BOOK REVIEW: Vinyl Dreams: How the 1970s Changed Music

By Tony Wellington

Monash University Publishing, $36.99

The fabled 1960s conjure some combination of idealism, collectivism, a popular music explosion, Civil Rights, the pill, Vietnam, adventurousness in other arts and mind-altering drugs. The 1970 demise of The Beatles came just as the idealism began to wane, and selfishness and narcissism slithered back out from beneath drug culture, pop music, business and politics, to take centre stage once more.

Tony Wellington’s engrossing 2021 book, Freak Out, subtitled How a Musical Revolution Rocked the World in the Sixties, contained endless insights into the ways music, politics and sociology cross-pollinated each another, and was replete with insightful anecdotes about the making of certain records and pearls of critical wisdom.

It was a hard act – a hard decade! – to follow. Vinyl Dreams is subtitled How the 1970s Changed Music, and that difference in subtitles, from music being an active agent of transformation to being passive, is telling. Despite this, Wellington mounts the case that this decade actually saw popular music reach “its apogee of creativity” – which is certainly true in terms of the sheer diversity. Psychedelic, progressive, blues, soul, jazz, funk, heavy metal, country and folk versions of rock all carried over from 1969, before glam, retro, reggae, punk, new wave, disco, electronic, Afro, rap and whatever the hell you call ABBA made their appearance. As Wellington says, by the end of the decade, the seeds of every subsequent sub-genre were sown.

In Freak Out, he closely intertwined music with everything from the protest movement to economics and the relaxing of sexual mores. He does that less so in Vinyl Dreams because they were less intertwined in reality, but also because there is simply much more music to cover, given the recording industry doubled in size every five years during this decade.

With so many more artists and records to locate in the scheme of things, an inevitable upshot is that Wellington spends less time on individual albums and events. A particular delight of Freak Out was the forensic dissection of what the author deemed especially important, including The Beatles’ 1964 Australian tour and Sergeant Pepper’s album and the film The Graduate. In Vinyl Dreams he offers briefer in-depth assessments of works by artists including Pink Floyd, Joni Mitchell, Robert Wyatt, Frank Zappa, The Who and Kate Bush.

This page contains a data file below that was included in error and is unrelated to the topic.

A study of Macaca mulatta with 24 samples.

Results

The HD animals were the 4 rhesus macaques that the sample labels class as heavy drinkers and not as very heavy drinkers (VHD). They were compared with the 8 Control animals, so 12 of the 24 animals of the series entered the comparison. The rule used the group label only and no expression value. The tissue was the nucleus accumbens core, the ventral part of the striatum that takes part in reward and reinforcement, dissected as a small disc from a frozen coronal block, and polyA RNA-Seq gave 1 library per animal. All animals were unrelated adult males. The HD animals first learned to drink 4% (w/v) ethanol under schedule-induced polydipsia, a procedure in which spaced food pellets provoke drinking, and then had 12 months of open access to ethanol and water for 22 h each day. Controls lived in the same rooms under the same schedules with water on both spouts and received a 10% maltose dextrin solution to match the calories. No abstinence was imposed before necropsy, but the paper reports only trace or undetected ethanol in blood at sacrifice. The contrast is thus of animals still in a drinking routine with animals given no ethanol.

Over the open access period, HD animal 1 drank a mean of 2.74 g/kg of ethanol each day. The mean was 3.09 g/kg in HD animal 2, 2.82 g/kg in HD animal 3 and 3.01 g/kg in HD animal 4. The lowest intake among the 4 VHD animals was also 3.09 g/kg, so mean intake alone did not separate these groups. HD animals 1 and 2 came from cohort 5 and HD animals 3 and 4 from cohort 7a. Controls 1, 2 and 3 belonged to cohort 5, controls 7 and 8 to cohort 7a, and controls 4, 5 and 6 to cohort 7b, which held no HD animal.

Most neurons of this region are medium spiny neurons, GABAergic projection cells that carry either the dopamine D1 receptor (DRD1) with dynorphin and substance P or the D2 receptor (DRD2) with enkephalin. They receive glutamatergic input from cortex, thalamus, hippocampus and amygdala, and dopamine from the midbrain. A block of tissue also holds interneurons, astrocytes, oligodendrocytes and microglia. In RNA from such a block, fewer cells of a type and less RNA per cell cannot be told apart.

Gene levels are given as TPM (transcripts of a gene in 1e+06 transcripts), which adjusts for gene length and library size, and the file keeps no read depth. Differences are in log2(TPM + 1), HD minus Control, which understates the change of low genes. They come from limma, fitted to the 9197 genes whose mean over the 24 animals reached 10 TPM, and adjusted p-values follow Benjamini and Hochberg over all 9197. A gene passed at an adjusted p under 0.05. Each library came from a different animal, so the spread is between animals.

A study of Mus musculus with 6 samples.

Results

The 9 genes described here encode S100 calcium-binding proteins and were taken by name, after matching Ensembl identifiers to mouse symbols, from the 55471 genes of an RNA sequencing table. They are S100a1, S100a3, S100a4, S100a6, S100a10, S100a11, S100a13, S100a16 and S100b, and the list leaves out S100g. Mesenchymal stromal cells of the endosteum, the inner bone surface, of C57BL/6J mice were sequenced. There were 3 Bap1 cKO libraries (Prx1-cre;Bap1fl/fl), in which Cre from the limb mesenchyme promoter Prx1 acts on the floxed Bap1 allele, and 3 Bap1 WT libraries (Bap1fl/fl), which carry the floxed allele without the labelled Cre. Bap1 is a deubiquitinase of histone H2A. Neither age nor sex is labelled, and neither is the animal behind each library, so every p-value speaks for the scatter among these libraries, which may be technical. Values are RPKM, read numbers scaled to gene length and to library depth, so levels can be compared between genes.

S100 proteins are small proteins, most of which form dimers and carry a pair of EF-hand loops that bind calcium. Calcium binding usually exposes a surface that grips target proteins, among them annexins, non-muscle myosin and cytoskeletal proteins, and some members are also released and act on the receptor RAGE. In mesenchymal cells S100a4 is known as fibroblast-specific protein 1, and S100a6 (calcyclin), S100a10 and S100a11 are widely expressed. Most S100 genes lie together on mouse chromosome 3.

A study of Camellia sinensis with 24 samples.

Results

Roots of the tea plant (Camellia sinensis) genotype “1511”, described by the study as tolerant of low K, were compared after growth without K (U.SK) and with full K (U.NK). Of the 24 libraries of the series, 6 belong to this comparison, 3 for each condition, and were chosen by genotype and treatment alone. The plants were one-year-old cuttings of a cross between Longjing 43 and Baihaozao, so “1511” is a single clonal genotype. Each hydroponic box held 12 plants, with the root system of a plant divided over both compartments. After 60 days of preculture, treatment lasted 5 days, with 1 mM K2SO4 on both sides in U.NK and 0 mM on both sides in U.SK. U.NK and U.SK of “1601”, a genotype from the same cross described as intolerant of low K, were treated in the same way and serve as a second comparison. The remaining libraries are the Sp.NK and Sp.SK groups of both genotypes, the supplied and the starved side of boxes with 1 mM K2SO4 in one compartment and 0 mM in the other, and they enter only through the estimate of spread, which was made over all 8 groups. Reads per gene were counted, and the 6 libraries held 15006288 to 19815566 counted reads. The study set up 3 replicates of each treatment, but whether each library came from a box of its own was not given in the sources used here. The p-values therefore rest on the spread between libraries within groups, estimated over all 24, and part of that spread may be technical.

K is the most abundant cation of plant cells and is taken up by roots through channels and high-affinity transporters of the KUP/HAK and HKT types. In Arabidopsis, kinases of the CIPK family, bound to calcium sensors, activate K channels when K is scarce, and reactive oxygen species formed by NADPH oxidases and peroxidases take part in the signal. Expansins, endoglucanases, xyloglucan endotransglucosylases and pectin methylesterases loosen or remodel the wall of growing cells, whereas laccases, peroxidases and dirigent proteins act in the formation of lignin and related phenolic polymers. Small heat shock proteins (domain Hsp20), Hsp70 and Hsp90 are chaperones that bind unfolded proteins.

Despite their relative brevity, these deeper appraisals are still the book’s highlights, and perhaps should have been prioritised in terms of space over attempting to be so encyclopaedic. Certainly, his referencing chart positions and sales figures often seems excessive compared with the discussion of artistic merit – although his point is partly the very dichotomy between popularity and merit, with Wellington rightly scathing about the worst examples of progressive rock, punk and disco.

Led Zeppelin. Photo: courtesy of Atlantic Records,

The author’s taste inevitably colours his judgement, and that taste will rile some readers and amuse others. It can seem a nudge hidebound, as when he finds so little of worth from The Rolling Stones, Led Zeppelin, David Bowie and Roxy Music, for instance, with Bruce Springsteen not faring much better. With the Stones and Zeppelin, their most obnoxious behaviour and sexist lyrics draw Wellington’s scorn as much as their music. But to condemn bygone songwriters for what are now clearly seen as sexist lyrics would be to castigate much of the 120-year blues movement – and much popular music, period.

As the title suggests, Wellington’s assessments are almost entirely based on records rather than live performances, which colours his perceptions, too, given so many bands were better in the flesh. The Australian scene, for instance, is covered with an overemphasis on those like Little River Band and Air Supply that cracked the US market, while he skates across the thrilling phase when such pub-rock bands as Cold Chisel, The Angels and Midnight Oil burst out into our biggest venues.

But Wellington’s genial tone is never holier-than-thou, and by nature Vinyl Dreams’ will arouse discussion and dissent. His research is commendable, his illuminations manifold and his love for music palpable. Read it, and have your own private argument with him.